Archives of Environmental Contamination and Toxicology

, Volume 37, Issue 3, pp 408–414

Distribution of PCB Congeners, DDE, Hexachlorobenzene, and Methylsulfonyl Metabolites of PCB and DDE Among Various Fractions of Human Blood Plasma


  • K.  Norén
    •  Department of Medical Biochemistry and Biophysics, Karolinska Institutet, S-171 77 Stockholm, Sweden
  • C.  Weistrand
    •  Department of Medical Biochemistry and Biophysics, Karolinska Institutet, S-171 77 Stockholm, Sweden
  • F.  Karpe
    •  King Gustaf V Research Institute, Karolinska Hospital, S-171 76 Stockholm, Sweden

DOI: 10.1007/s002449900532

Cite this article as:
Norén, K., Weistrand, C. & Karpe, F. Arch. Environ. Contam. Toxicol. (1999) 37: 408. doi:10.1007/s002449900532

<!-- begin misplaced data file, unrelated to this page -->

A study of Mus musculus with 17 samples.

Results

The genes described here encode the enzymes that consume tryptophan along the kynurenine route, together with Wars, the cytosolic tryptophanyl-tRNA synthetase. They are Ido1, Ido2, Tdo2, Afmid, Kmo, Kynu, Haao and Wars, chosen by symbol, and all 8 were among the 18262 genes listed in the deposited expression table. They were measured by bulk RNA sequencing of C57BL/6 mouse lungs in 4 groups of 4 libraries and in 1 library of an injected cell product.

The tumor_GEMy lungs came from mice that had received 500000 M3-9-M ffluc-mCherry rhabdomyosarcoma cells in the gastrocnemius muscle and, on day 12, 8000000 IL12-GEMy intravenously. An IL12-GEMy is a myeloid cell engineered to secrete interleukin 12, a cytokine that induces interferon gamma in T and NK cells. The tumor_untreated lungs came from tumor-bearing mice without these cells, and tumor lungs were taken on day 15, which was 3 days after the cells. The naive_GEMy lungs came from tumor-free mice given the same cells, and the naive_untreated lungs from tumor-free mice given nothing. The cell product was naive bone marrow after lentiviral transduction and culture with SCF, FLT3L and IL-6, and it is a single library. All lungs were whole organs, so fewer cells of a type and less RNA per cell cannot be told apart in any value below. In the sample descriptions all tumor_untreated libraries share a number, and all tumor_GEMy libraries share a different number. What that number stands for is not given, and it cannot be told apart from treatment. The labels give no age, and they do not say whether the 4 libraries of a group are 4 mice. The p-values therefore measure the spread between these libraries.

The concentrations of chlorinated biphenyls (CBs), 1,1-bis(4-chlorophenyl)-2,2-dichloroethene (DDE), hexachlorobenzene (HCB), and the methylsulfonyl metabolites of CBs (MeSO2-CBs) and DDE (MeSO2-DDE) were determined in human plasma samples and in the fractions obtained by ultracentrifugation of plasma into very-low-density (VLDL), low-density (LDL), high-density (HDL) lipoprotein and lipoprotein depleted (LPDP) fractions (containing primarily albumin). The concentrations of triacylglycerols, cholesterol, phospholipids, and apolipoprotein B (apoB) were determined. The organochlorine compounds were associated with all fractions, but predominantly with the LPDP fraction. On an average 44% of CBs, 61% of MeSO2-CBs, 73% of DDE, 77% of MeSO2-DDE, and 45% of HCB were distributed in the LPDP fraction. A tendency to greater association of 3-methylsulfonyl substituted than of corresponding 4-methylsulfonyl substituted chlorobiphenyls to the LPDP fraction was noticed. Among the lipoprotein fractions, LDL was the main carrier of HCB, DDE and CBs. MeSO2-DDE was predominantly found in HDL and MeSO2-CBs were distributed equally among the LDL and HDL fractions. Calculating the concentrations of organochlorine compounds in relation to the content of apoB, the levels were about 10 times higher in VLDL than in LDL.